You’ve done it. Ducks pile into or zip over your decoys, and you rise, swing … and whiff with your first shot.
Surprise and embarrassment follow, but here’s the good news: Because you’re likely toting an ultra-reliable modern autoloader, you still have two more shots to put a bird or two on the strap. Here’s how to overcome first-shot misses and execute successful follow-ups.
Resist the Gaffe
The obvious cure is to avoid follow-up shots. As birds approach, don’t think about three shots. Instead, act as if you have only one shell. Your approach will change considerably, and you’ll find yourself identifying the best opportunity, taking only a quality shot and executing it with more precision.
Too often, we get excited when several birds come into range or tell ourselves we must hurry when a swift duck zips past. Take a careful, analytical but natural approach to every first-shot opportunity. If you capitalize, you can focus on subsequent opportunities.
Let’s assume you blow your first shot. Instinctively, you’ll probably squeeze off two more shells in haste or, conversely, measure your target and blow two holes in the air five feet behind a duck.
Slow down. Remain calm, and just shoot. Pick out a target, and swing your gun naturally and smoothly through it, just as if you were at the skeet range. Let your mind’s eye instinctively guide you to the target.
Remember, you can’t change the first-shot miss. Instead, adopt the mindset of an NFL defensive back: Forget the mistake, and focus on the next shot.
Pick a Target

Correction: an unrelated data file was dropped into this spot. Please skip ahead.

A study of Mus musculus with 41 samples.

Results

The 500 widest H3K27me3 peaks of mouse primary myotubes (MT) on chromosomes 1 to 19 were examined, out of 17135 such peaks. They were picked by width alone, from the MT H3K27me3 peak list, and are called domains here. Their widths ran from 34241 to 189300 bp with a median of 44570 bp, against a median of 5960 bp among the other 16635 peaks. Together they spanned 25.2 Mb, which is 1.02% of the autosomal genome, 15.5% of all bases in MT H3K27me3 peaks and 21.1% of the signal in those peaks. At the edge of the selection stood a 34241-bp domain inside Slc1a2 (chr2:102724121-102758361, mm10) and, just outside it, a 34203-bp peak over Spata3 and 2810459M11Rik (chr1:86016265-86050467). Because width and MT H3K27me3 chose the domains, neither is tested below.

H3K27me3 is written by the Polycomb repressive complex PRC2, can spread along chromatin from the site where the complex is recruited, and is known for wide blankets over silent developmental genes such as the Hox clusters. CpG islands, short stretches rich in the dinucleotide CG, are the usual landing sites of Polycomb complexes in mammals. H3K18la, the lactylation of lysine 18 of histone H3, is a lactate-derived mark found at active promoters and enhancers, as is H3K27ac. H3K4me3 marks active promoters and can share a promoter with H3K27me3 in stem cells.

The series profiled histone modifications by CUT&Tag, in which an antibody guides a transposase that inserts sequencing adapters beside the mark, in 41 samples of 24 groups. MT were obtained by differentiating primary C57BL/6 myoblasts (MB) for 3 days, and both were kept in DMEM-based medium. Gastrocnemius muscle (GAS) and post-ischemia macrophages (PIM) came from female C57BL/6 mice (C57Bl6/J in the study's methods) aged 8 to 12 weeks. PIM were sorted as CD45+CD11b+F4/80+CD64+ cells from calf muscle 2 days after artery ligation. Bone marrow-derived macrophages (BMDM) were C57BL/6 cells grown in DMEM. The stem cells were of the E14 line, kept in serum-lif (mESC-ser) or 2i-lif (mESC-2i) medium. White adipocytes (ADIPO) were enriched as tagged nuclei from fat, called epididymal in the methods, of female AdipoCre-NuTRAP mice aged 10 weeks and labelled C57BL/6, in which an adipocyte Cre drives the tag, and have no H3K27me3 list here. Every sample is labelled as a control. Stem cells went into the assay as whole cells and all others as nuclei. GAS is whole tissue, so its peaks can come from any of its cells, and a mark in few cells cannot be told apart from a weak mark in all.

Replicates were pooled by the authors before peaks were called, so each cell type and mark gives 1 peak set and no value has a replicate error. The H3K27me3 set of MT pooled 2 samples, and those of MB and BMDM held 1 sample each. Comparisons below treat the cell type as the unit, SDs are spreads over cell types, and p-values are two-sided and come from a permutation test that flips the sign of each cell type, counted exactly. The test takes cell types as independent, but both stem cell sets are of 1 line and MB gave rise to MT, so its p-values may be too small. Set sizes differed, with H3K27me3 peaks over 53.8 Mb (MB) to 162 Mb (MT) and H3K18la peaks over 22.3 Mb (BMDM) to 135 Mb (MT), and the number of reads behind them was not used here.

A first-shot whiff at a flock often changes the shooting dynamic. Some birds will flare high and away downwind, but others, in confusion, might simply flare up or even toward you. Always be aware of the next best opportunity, and don’t be afraid to shift focus from your original target to an easier one. If that lead drake in a flock of ringbills slips away after you miss, watch for other birds behind it or overhead. There’s no shame in taking an easier consolation prize.
Analyze the Mistake
Usually, we miss first-shot chances because we shoot behind birds. Sometimes, the road to recovery is as easy as recognizing that mistake. When you miss a hard crossing shot, adjust your sight picture, and increase your lead. Be careful to keep swinging your gun naturally, however, and don’t just float the target.
Interestingly, on low targets, your peripheral vision often notes where the shot string hits the water in relation to a bird. I’ve seen the water explode several feet behind streaking ducks and adjusted my lead and gun speed considerably to make good on a follow-up.
Know When to Quit
Sometimes, one shot is all we get. Stubbornness or misplaced optimism can tempt us into poor choices, though. If a duck or flock flares out of range after your first shot, don’t pull the trigger twice more out of frustration. That often leads to crippled or lost birds. Stay aware of your effective range, and admit when a bird gets beyond that. A miss is bad, but irresponsible follow-ups are worse. Let the duck go, and focus on the next opportunity.
I blow some first-shot gimmes every season, and I know I’ll do so again. Often, I rebound and turn that initial whiff into a duck or two on the water. Ideal? No. But a successful follow-up shot sure makes it easier to laugh about the miss.